Windies end disappointing tour with a victory
COLOMBO –– Dwayne Bravo has been at the center of much of the controversy in West Indies cricket over the past two years.
Today he was at the center of a victory that prevented West Indies leaving Sri Lanka with a 0-7 record of international tour matches.
West Indies’ bowlers, led by Bravo, delivered tight lines and intelligent variations of pace on a slow Khettarama surface to force a Sri Lanka collapse and prise a 23-run victory to end an otherwise barren tour marked by six previous defeats.
Bravo collected four wickets, and Ravi Rampaul three, in West Indies’ defence of 162 for 6 which, like their bowling, had also been a collective effort.
The victory gave West Indies a share of the series, though Sri Lanka keep the top T20 rank. Bravo, who hit a run-a-ball 31 in addition to his 4 for 28 with the ball, was named Man of the Match.
Tillakaratne Dilshan struck his second fifty of the series but –– although his own strike-rate was nearly 137 –– his 70-run stand with Shehan Jayasuriya drew some of the momentum from Sri Lanka’s innings. Jayasuriya was out for 30 off 32 balls. His wicket set in motion a capitulation that cost nine wickets for 46 runs. Incoming batsmen attempted to hit out immediately, mindful of a climbing required rate, but managed only to find secure pairs of hands in the outfield.
Jayasuriya was scoreless off his first seven balls and, although he struck successive fours off Jerome Taylor, he slipped into a pattern of finding fielders with his big shots. Dilshan also misread the pace of the ball off the pitch on occasion, and West Indies continued to squeeze in cheap overs through the first half of the chase. When Jayasuriya was dismissed –– thanks to an outstanding running catch from Andre Russell at the long-on boundary –– Sri Lanka’s required rate was nearing 10.
Dinesh Chandimal was almost caught at the leg-side boundary first ball, but was securely held immediately after. Dilshan was out switch-hitting Rampaul in the same over, and Angelo Mathews was caught trying to clear the backward square leg boundary not long after that. From then on, Sri Lanka lost at least one wicket per over. Chamara Kapugedara was caught at cover. Milinda Siriwardana was stumped running at Sunil Narine. The hosts had unraveled definitively by the middle of the 18th over.
This was after their own bowlers had withstood brief charges from Johnson Charles and Denesh Ramdin, who both hit 34 at either end of West Indies’ batting effort. The visitors had warmed up slowly, hitting only 17 from the first 26 balls, until Charles ignited the innings with a four-ball sequence that brought 22 runs. Charles ran at Sachithra Senanayake twice to lift him into the leg-side stands, and swept him twice as well, collecting a six and a four. The next over from Dushmantha Chameera was equally expensive. Andre Fletcher struck three fours as Chameera erred down the legside –– though he also had Fletcher dropped off a slower ball, on 16.
With 44 runs having come off the last two Powerplay overs, West Indies appeared to be surging. Siriwardana’s left-arm spin quickly brought the hosts some control. He trapped Fletcher in front with a slider, saw Marlon Samuels run-out later in that over, then struck again with his arm ball to have the visitors 75 for 3 after nine overs.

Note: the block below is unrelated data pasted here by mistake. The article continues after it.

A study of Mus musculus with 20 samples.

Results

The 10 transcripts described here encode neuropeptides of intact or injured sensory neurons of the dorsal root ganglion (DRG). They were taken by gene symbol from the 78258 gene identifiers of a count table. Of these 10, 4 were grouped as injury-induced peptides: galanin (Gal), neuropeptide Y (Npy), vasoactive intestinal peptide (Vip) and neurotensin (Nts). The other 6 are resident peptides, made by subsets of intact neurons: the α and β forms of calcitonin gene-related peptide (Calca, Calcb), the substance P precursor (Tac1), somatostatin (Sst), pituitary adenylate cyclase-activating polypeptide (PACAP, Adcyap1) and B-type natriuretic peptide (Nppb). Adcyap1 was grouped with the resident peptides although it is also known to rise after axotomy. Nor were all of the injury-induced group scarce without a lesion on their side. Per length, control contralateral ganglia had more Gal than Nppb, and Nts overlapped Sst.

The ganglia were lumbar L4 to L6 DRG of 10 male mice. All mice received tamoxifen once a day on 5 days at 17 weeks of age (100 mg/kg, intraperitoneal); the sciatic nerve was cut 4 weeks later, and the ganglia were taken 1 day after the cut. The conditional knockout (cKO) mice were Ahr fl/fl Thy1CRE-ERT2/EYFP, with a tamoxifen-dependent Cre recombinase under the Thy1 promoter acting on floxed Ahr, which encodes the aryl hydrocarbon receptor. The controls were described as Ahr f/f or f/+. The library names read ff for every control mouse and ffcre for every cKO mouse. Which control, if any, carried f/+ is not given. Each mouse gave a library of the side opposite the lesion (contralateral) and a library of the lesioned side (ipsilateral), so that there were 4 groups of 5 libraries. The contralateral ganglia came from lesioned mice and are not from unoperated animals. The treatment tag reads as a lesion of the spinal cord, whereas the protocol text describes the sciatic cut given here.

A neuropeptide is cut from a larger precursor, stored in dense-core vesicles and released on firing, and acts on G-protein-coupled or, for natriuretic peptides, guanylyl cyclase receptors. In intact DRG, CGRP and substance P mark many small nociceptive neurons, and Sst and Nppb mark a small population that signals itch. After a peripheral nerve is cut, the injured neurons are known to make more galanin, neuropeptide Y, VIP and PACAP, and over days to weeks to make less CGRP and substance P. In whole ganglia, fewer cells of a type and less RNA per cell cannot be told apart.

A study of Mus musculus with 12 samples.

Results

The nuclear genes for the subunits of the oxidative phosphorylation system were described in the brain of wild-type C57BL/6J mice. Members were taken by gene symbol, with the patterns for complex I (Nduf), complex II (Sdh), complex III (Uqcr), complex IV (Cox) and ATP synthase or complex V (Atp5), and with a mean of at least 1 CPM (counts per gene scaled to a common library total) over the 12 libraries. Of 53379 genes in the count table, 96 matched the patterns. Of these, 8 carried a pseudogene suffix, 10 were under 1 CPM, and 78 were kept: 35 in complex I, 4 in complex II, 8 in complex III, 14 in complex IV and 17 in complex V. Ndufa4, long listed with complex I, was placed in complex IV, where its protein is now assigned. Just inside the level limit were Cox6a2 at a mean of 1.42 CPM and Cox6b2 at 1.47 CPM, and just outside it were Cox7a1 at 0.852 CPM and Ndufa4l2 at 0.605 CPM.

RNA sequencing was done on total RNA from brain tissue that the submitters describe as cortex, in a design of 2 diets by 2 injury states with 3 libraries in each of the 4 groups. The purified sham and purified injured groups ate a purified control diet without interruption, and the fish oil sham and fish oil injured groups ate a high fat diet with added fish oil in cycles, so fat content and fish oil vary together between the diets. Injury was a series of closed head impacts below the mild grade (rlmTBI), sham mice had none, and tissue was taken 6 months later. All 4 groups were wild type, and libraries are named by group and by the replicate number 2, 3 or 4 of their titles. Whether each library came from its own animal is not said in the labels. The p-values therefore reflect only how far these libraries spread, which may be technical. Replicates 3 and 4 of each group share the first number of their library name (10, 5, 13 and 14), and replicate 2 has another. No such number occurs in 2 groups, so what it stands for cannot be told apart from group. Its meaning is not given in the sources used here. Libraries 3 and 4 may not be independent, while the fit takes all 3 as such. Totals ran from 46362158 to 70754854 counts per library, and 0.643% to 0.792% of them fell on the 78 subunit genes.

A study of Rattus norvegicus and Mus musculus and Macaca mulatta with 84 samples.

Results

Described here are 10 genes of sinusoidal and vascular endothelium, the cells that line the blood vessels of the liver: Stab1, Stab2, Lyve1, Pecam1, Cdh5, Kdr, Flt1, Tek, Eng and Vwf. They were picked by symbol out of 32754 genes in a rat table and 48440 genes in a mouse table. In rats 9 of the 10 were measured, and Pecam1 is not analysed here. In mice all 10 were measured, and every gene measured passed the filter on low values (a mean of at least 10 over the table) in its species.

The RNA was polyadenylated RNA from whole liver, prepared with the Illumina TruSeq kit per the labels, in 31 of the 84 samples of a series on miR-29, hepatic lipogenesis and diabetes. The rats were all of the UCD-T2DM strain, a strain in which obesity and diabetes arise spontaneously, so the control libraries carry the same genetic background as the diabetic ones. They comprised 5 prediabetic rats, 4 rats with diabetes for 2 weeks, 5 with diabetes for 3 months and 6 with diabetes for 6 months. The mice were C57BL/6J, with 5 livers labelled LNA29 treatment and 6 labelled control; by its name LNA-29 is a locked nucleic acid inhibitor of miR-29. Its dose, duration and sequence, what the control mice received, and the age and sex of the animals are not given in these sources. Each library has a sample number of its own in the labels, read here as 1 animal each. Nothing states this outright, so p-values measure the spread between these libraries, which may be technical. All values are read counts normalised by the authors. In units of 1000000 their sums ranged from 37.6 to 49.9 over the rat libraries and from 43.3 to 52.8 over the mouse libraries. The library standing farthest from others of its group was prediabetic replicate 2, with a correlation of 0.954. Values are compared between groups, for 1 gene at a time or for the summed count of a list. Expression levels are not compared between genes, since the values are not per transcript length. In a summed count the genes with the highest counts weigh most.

West Indies attacked intermittently after that, but had their salvos briskly shut down. Andre Russell was dismissed in the 12th over after two sixes had come in the previous five balls. Ramdin cracked two sixes and a four in the 14th and 15th overs, but was soon forced to contend with a stream of good yorkers –– particularly from Nuwan Kulasekara –– which he could only dig out for singles or twos.
Sri Lanka’s seamers were pinpoint at the finish. Although opposition hitters were at the crease, Malinga conceded only five runs in each of his last two overs, and Kulasekara no more than seven from his. Ramdin remained unbeaten at the end of the innings.
After the game captain Darren Sammy said the team had discussed certain strategies in a team meeting which they put into execution today.
“We had a good discussion in our team meeting and we played really well. It was good to see the team learn very fast. We have good memories here. The guys who batted said we should take pace off the ball. We were desperate to get this win. The World T20 is a long way and that was our last game. Guys play around the world so they have to take something from there,” he said.
Bravo praised the entire team effort.
“I want to say well played to the entire team. We wanted to plan well and execute. We have very good lower-order hitters. We were happy at the halfway stage. My role is to stabilise things from one end. It was not a 200 wicket. Once we bat first and bat properly, we have a very good bowling line up to defend. Sammy was good again, clear messages to the bowlers. We have batters who can chip in. Our fielding display was very good. We had a very good team meeting this morning,” Bravo said.
Prior to today’s T20I victory, West Indies had lost the two Tests, three rain-affected One-Day Internationals and the first T201.